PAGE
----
Missed yesterday's blog tour stop? Just click here to find Matt's blog.
Here's my review....
The Girl Before
By J.P Delaney
Published by Quercus (26 January 2017)
Enter the world of One Folgate Street and discover perfection... but can you pay the price?
Reeling from a violent break-in, Emma wants a home where she feels safe. Nowhere is quite right until the agent suggests One Folgate Street: ‘It’s not a place that would suit everyone, the landlord is very particular...’ The house is extraordinary, breathtaking but it comes with a set of rules enforced by the enigmatic architect owner. Emma promises her boyfriend Simon that everything will be different when they move in.
Jane is looking for a fresh start and the blank canvas of One Folgate Street seems to offer just that. Not to mention that the architect Edward Monkton is rather attractive. But once she moves in strange things begin to happen and Emma’s past and Jane’s present become inexorably entwined.
The Girl Before is another psychological thriller being compared with The Girl on the Train and Gone Girl. The narrative alternates between two vulnerable women: Emma in the past and Jane in the present. The link between them is One Folgate Street, a hi-tech house with strict rules set by the architect who designed and owns the property. At times it felt as if the house itself was alive, monitoring its occupants and hiding secrets from its past.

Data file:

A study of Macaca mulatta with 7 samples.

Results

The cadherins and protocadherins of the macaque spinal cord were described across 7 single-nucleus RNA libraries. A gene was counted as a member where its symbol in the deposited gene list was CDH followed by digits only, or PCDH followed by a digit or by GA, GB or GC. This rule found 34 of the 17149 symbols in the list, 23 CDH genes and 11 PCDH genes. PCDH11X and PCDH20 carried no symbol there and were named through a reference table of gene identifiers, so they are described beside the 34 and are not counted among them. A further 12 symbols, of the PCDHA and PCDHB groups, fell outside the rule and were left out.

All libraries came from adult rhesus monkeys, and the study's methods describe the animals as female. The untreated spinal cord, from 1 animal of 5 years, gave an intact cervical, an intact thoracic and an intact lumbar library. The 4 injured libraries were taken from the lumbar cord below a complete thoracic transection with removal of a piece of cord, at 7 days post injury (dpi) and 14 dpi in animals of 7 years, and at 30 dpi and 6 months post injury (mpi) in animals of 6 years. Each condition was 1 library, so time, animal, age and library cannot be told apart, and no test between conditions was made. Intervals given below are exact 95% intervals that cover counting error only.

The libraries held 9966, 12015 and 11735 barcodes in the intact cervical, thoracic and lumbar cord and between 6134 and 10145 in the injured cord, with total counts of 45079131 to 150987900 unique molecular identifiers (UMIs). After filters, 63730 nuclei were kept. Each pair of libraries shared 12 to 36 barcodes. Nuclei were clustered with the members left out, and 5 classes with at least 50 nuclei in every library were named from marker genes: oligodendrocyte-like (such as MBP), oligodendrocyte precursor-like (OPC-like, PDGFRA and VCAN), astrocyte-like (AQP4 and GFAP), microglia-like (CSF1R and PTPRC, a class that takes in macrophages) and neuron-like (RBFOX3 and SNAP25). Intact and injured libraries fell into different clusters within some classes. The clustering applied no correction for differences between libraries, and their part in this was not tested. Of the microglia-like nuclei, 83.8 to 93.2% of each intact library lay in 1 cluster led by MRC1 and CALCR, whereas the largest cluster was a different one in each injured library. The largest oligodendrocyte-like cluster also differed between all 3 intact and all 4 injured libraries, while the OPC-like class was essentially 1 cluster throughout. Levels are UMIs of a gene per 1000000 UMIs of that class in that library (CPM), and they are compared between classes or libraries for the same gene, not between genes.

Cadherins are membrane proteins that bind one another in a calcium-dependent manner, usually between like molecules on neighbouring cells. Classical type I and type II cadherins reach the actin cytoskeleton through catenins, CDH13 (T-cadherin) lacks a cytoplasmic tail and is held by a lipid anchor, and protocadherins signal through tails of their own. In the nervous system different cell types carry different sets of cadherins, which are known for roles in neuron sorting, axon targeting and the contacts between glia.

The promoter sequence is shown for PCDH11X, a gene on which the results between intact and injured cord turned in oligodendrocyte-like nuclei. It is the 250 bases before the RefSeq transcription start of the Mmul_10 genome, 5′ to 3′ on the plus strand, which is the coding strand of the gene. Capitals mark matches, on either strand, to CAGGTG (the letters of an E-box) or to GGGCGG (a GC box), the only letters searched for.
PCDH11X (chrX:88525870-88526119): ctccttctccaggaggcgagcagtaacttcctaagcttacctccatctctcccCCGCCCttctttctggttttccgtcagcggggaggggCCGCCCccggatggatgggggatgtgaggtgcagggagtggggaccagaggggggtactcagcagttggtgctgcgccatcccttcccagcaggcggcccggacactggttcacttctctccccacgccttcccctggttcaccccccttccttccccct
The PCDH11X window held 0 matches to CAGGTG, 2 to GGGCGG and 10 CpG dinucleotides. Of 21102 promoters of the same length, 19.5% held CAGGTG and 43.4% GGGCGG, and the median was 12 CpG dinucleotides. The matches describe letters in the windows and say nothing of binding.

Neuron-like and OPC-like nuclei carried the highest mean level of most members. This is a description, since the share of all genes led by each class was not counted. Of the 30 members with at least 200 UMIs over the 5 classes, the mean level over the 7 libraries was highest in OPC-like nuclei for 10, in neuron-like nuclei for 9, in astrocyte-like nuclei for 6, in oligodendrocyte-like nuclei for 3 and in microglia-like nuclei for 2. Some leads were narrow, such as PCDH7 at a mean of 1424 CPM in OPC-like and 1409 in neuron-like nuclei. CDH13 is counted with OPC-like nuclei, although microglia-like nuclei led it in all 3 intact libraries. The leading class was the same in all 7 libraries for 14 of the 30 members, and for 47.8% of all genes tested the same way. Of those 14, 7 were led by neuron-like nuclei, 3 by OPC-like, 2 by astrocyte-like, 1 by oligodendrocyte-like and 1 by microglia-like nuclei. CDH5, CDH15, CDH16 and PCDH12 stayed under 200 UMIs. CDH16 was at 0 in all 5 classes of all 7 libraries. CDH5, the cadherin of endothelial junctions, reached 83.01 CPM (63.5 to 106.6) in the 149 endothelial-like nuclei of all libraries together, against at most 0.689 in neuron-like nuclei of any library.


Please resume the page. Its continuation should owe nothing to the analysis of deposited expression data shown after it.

The mystery element of the book was great, as Jane sets out to discover what happened to Emma, the girl who lived in the house before her. I was intrigued after the first few pages and found the short chapters easy to read. I didn't particularly like any of the characters, but this is certainly a twisted tale with a interesting plot and several surprises.
The only aspect of the book I wasn't so keen on was the dominant nature of the main male character. These two women were completely under Edward Monkton's spell, providing more than a hint of Christian Grey. As with 50 Shades, I couldn't grasp what these women saw in the architect (other than money and 'no commitment' sex, obviously) as there was nothing pleasant about him at all.
I think this is a book that will appeal to the masses. I can understand why this has been snapped up by Hollywood. The combination of the architecture, hi tech property and sexual nature means it will be perfect for the big screen - but I hope they focus on the plot more than the '50 shades' element.
Follow the Blog Tour. Tomorrow it's Laura's turn - click here to find her blog.